THE ROMAN CATHOLIC CHURCH
Her Doctrine and Morals
Eighteenth Sunday after Pentecost
13 October 2019
Both types of suffering are beneficial for us as they are a corrective and healing remedy for our disordered natures imposed upon us by God. The suffering of wounds and bruises to our bodies are effective in turning us away from whatever evil brought forth the wounds and bruises. These pains often follow naturally from our rebellion or disobedience, but they can also be self-inflicted to train our unruly natures to return to order and reason. We find these pains unpleasant and therefore effective deterrents from sin and disorder. They are even doubly painful when, with a rebellious will, we resist them we do not correct the evil that caused them and deprive ourselves of any relief; adding another evil to the former
The pains inflicted by our guilty consciences can be accompanied by joy. In weeping over our former sins we experience both pain and joy simultaneously. The guilt causes pain but the tears of repentance bring forth joy and hope of forgiveness. There is a tremendous sweetness in contrition that must be experienced if it is to be understood or appreciated. Sadly many refuse this experience and therefore believe that contrition is hard, bitter, and painful. The longer they put off their repentance the more bitter it becomes in their minds. They live out their lives in a false, bitter and painful "reality" because they will not believe or trust Jesus.
It is only after we have been freed from our sins that we can look back upon them and see just how evil and painful they were. This hindsight brings forth tears of sorrow for what we were or what we did, but these tears are accompanied by tears of joy that we are leaving these evils behind and advancing to ever greater goodness and happiness with God in Heaven.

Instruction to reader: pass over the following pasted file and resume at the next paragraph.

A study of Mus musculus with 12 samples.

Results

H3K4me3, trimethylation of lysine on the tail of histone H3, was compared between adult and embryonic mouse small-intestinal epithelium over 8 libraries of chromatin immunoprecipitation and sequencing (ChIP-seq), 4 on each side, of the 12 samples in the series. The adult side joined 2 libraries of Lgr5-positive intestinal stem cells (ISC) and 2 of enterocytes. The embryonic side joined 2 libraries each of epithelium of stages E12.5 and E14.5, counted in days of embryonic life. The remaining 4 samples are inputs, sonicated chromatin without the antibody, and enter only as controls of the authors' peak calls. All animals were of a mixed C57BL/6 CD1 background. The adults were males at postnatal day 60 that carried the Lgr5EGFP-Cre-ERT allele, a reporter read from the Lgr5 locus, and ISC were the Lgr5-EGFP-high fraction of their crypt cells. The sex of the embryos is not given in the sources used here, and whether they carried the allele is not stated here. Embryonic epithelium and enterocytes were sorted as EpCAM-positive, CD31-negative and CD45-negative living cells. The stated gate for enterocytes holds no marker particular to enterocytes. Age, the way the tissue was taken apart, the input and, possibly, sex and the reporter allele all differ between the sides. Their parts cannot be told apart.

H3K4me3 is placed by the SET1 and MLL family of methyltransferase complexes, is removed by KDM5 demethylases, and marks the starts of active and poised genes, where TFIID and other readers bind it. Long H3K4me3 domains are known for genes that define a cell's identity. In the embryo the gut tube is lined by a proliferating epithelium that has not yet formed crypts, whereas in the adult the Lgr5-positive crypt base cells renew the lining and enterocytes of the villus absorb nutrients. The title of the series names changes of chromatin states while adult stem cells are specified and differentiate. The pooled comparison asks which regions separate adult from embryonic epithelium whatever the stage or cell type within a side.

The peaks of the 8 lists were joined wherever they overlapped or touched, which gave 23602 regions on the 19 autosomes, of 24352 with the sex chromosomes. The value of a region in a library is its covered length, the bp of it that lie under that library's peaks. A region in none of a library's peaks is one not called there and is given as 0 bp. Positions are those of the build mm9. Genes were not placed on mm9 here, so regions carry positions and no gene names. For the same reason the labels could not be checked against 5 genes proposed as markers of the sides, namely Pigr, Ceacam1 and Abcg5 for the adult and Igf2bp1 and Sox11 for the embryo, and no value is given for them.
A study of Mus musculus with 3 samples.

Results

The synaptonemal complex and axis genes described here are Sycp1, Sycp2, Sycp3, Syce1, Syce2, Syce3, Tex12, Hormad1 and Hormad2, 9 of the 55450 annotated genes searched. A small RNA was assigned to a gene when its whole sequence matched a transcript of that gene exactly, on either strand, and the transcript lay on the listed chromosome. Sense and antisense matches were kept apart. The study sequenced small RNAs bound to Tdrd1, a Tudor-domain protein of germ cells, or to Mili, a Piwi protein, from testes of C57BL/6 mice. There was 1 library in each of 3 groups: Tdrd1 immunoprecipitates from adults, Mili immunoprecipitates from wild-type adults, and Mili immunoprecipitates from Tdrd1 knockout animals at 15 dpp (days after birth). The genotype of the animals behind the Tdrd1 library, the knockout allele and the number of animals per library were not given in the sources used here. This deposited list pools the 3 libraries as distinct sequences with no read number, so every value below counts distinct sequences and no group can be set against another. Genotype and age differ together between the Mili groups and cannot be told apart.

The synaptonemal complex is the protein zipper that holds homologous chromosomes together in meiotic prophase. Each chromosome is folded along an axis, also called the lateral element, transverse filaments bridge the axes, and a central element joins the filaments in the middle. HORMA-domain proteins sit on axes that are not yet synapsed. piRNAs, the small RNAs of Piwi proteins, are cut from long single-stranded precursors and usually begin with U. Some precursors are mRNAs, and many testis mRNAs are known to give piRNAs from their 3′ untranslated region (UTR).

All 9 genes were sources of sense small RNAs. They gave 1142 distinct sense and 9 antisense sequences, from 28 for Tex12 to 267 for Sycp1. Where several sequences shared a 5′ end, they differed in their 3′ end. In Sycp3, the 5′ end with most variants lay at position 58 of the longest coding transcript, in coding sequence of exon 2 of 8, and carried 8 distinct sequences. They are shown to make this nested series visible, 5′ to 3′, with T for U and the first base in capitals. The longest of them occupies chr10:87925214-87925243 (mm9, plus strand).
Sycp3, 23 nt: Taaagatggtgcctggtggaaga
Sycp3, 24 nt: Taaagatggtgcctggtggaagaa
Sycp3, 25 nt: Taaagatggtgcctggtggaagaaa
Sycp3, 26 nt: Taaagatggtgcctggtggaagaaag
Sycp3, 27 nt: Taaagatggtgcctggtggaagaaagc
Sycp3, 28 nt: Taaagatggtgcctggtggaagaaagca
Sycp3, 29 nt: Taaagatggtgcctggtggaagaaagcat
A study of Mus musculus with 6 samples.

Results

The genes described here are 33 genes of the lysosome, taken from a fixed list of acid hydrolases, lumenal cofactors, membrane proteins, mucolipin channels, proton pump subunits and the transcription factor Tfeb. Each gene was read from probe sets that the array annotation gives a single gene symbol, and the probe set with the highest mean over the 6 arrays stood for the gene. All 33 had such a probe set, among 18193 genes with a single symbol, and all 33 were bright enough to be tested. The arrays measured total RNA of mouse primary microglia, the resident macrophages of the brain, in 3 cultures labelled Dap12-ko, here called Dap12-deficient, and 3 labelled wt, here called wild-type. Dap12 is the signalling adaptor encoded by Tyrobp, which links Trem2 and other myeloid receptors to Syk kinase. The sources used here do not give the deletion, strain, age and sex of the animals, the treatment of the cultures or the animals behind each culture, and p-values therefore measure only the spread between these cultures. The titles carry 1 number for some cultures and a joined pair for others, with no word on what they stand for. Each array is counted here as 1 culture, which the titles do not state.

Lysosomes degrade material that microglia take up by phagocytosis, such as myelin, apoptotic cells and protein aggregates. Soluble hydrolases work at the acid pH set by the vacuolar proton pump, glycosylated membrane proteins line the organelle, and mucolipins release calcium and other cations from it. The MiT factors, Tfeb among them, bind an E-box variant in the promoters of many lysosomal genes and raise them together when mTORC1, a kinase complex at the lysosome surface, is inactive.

In today's Gospel, the paralyzed man was brought to Jesus by his friends. The Gospel says that Jesus saw "their" faith rather than "his" faith. It was the faith of the friends, perhaps united with the faith of the paralytic man. It was not the faith of the paralyzed man, or at least, not only his faith. We should never hesitate to offer prayers for one another, nor should we hesitate to seek the prayers of others for ourselves.
Jesus looks first to the man's soul. He tells the man to be of good heart because his sins are forgiven him. To offer proof that Jesus can forgive sins He then heals the man's body. In seeking cures it is often very helpful to understand the causes. Ultimately, all disease and illness is the result of Original Sin. Quite often, we can find reasons for our physical pains by looking into our consciences. With true faith, we can offer thanks to God for sending us this pain (chastising) us here and now so that He may spare us in Eternity. Looking for and finding fault with ourselves is painful, but it is also a most comforting experience. We discover that God is not only just, but He is good and merciful too. Our pain has a reason and a purpose.
We willingly endure the sting of an injection needle so that we may prevent or cure some ailment or disease. The spiritually-minded willingly endure the physical pains of this life to prevent or cure the disease of sin in his soul. This is nothing less than following the command of Jesus to deny ourselves, take up our daily crosses, and follow Him. We often thank the medical doctor for the slight pain he causes us because we understand the good that comes with it. Much more so should we be grateful to the Divine Physician for the crosses, sufferings, and pains He gives us so that He may lead us to contrition and save us from immensely greater pains in Hell.
The sadness and tears of the saints were accompanied by happiness and joy. Their crosses were found to be light and sweet. We, often and wrongly, shy away from the pain of our physical and spiritual crosses. If we face manfully the true examination of our hearts and souls, it will hurt, but it will bring us to contrition, repentance and then to eternal life. Even after our sins are washed away they often bring forth pain and tears to our hearts and we say with St. Augustine: "I have loved Thee late my God, but I love Thee now, and I strive to love Thee more and more every day." In the pain of seeing our true selves, there is, also, the distinctive taste of sweetness and joy.
With the man in the Gospel and all the penitent saints, let us seek first to hear the words of Jesus, "thy sins are forgiven thee." The only place we can hear these words and have them take their effect upon our souls is in the Holy Sacrament of Penance. This will bring both joy and sorrow to our hearts, but we look forward (if not in this life, then in the next) to have Him heal our bodies also.